Global Cities, Foreign SMEs and Access to Emerging Markets: A Conceptual and Empirical Research Discussion
Since the 1990s, a variety of urban development specialists have established that the globalization of production networks combined with the introduction of new international communication technologies have not led to a decrease importance of global cities, but on the contrary to their additional and rapid densification of highly specialized services serving TNCs, and valorizing such metropolises even more.
The proposed hypothesis suggests that global cities may also play a substantial role in providing various business development services facilitating the internationalization of foreign SMEs to distant regional markets, and especially to growth-driven but risky emerging economies such as China and Southeast Asia.
The proposed research paper opens a discussion how to produce an original combination between (i) an existing corpus of scientific knowledge dealing with the internationalization of SMEs (developed mainly by economics and management sciences), and (ii) an existing corpus of scientific knowledge dealing with global cities (developed mainly by urban history, geography and sociology).
The authors further suggest the construction of an interdisciplinary conceptual framework borrowing from various global production network theories, which are highly present in both entrepreneurship and SME studies on the one hand, and in the study of urban transnational development, global cities and inter-city relations.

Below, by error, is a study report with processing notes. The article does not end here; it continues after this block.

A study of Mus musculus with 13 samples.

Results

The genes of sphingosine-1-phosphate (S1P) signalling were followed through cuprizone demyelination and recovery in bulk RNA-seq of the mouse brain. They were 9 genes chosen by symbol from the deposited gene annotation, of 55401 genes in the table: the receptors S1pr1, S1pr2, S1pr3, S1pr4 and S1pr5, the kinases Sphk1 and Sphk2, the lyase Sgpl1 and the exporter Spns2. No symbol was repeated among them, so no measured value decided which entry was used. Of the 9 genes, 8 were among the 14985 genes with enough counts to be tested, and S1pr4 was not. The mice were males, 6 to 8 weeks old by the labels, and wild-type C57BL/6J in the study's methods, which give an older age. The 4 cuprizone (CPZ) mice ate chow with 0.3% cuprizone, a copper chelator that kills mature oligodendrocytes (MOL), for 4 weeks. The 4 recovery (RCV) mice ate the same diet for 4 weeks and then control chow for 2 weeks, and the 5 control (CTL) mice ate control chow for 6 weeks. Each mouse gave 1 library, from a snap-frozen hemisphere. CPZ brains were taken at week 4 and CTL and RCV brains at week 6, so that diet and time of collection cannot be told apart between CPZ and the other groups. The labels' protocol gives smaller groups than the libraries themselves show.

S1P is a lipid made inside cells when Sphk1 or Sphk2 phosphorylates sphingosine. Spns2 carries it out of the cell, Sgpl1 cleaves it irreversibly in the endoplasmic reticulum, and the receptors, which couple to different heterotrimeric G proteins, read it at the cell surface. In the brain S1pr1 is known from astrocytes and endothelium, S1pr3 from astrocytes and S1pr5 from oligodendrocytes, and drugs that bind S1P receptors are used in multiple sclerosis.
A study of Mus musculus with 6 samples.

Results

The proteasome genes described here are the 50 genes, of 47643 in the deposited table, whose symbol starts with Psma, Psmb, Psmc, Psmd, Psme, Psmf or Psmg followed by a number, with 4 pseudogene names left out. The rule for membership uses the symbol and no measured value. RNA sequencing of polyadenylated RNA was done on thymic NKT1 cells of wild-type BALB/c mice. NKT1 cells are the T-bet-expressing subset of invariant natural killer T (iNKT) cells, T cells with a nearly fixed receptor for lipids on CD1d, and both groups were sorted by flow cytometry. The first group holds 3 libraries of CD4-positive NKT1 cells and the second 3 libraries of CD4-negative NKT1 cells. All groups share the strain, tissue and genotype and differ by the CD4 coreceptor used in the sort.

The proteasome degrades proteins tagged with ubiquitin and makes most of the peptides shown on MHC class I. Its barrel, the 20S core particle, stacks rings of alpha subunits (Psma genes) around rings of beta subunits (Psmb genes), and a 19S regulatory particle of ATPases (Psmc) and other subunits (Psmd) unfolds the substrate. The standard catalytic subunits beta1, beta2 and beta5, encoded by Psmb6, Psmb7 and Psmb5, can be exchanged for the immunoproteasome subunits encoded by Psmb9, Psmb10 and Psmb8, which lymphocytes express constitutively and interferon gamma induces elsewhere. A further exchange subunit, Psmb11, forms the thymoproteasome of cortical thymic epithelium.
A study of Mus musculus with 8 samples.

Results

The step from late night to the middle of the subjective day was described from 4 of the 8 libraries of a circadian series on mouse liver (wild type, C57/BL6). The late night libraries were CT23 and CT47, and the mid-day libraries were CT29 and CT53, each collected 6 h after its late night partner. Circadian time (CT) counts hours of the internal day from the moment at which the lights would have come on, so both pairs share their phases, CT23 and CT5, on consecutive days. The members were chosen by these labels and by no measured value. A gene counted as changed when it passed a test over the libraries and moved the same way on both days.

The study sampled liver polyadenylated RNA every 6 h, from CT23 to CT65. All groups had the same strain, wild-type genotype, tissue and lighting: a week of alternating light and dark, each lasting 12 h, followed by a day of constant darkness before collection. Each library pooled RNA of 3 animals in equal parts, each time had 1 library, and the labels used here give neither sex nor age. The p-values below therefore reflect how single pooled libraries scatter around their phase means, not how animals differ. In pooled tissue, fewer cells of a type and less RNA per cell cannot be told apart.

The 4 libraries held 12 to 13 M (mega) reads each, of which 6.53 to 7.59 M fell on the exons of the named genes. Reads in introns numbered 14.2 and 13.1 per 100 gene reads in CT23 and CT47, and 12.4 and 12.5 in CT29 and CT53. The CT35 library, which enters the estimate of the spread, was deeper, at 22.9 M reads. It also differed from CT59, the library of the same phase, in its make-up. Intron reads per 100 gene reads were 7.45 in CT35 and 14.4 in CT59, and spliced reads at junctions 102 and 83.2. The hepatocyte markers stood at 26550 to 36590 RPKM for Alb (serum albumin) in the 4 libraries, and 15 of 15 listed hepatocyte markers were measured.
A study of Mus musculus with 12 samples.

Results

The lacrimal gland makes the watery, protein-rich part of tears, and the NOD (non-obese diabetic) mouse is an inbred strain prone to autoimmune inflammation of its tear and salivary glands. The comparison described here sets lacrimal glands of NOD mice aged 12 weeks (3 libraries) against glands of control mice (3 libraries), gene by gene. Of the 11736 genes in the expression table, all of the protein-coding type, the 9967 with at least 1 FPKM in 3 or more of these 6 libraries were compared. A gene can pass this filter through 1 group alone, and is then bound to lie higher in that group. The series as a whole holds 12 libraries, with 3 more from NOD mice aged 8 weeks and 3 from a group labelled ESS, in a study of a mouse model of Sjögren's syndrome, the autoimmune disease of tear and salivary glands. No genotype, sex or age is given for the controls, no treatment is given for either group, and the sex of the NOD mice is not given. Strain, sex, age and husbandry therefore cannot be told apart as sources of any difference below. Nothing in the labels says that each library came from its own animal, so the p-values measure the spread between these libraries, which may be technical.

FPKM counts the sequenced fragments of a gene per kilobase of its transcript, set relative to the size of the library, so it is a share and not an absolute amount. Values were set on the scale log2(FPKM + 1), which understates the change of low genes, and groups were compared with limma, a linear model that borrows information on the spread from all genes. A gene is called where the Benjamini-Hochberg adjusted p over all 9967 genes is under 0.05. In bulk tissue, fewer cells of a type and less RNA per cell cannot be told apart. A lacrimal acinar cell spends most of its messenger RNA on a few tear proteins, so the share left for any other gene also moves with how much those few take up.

The paper finally explores the tentative construction of an empirical research methodology, which is being tested in the study case of the internationalization of Swiss SMEs on East Asian emerging markets, and the intermediation role of four global cities: two global city-states with no hinterland (Hong Kong and Singapore), and two emerging global cities also serving vast hinterlands (Bangkok and Shanghai). SME data is derived from Swiss and local sources, and global city data is based on the GaWC international research network (Global and World Cities Research Network, UK), and on local sources in the four global cities concerned.